Reporting by The Observer has revealed one in three of the pregnant women currently held in UK prisons is being held on remand, not yet having been tried for the crimes they have been charged with.
The data, obtained via a Freedom of Information request to the Ministry of Justice, is of particular concern to those who have been calling for an end to the imprisonment of pregnant women. Following the deaths of two babies in custody since 2019 there have been growing concerns about the safety of this practice. In many countries pregnant women are not given custodial sentences.
As reported by The Justice Gap, an inquest into the death of a baby, Aisha Cleary, in HMP Bronzefield in 2019 was found to have been a result of ‘serious failures’ by prison staff by a coroner. A woman who gave birth to a still-born baby while she was detained in HMP Styal in June 2020 said she would ‘never forgive’ the prison.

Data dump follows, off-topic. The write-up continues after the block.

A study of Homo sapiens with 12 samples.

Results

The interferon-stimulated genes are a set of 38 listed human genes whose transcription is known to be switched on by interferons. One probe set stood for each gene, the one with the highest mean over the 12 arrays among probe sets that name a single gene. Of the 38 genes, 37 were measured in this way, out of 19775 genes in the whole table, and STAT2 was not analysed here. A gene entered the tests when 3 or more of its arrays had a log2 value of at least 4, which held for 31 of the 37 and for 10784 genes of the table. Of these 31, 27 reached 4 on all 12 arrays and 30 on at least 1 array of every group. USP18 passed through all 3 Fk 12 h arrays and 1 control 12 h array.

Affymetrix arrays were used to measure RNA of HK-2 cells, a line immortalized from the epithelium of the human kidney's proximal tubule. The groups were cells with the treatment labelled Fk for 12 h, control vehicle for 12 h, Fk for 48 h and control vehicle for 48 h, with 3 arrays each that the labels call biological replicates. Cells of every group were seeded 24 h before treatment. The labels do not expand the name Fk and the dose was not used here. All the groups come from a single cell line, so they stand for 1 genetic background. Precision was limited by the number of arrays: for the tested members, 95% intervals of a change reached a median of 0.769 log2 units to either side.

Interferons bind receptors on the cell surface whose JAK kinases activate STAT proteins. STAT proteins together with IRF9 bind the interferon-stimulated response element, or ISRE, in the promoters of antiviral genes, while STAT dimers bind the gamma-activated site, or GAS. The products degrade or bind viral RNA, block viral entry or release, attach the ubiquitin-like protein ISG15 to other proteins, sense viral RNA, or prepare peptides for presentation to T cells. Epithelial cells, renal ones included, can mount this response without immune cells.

On the anniversary of the death of Aisha Cleary this September, campaign groups No Birth Behind Bars and Level Up held a vigil outside the Ministry of Justice to commemorate her death and renew their calls for an end to the imprisonment of expectant mothers.
The groups say: ‘The cruelties pregnant women face in prison are only possible because they are held from public view’. Level Up have announced that they will continue a ‘campaign of public solidarity’ until the law is changed, and that other countries have stopped sending pregnant women to prison so ‘there is nothing stopping England from doing the same’.
In September 2023 the Sentencing Council opened a public consultation as to whether they should introduce pregnancy as a new mitigating factor when reaching sentencing decisions.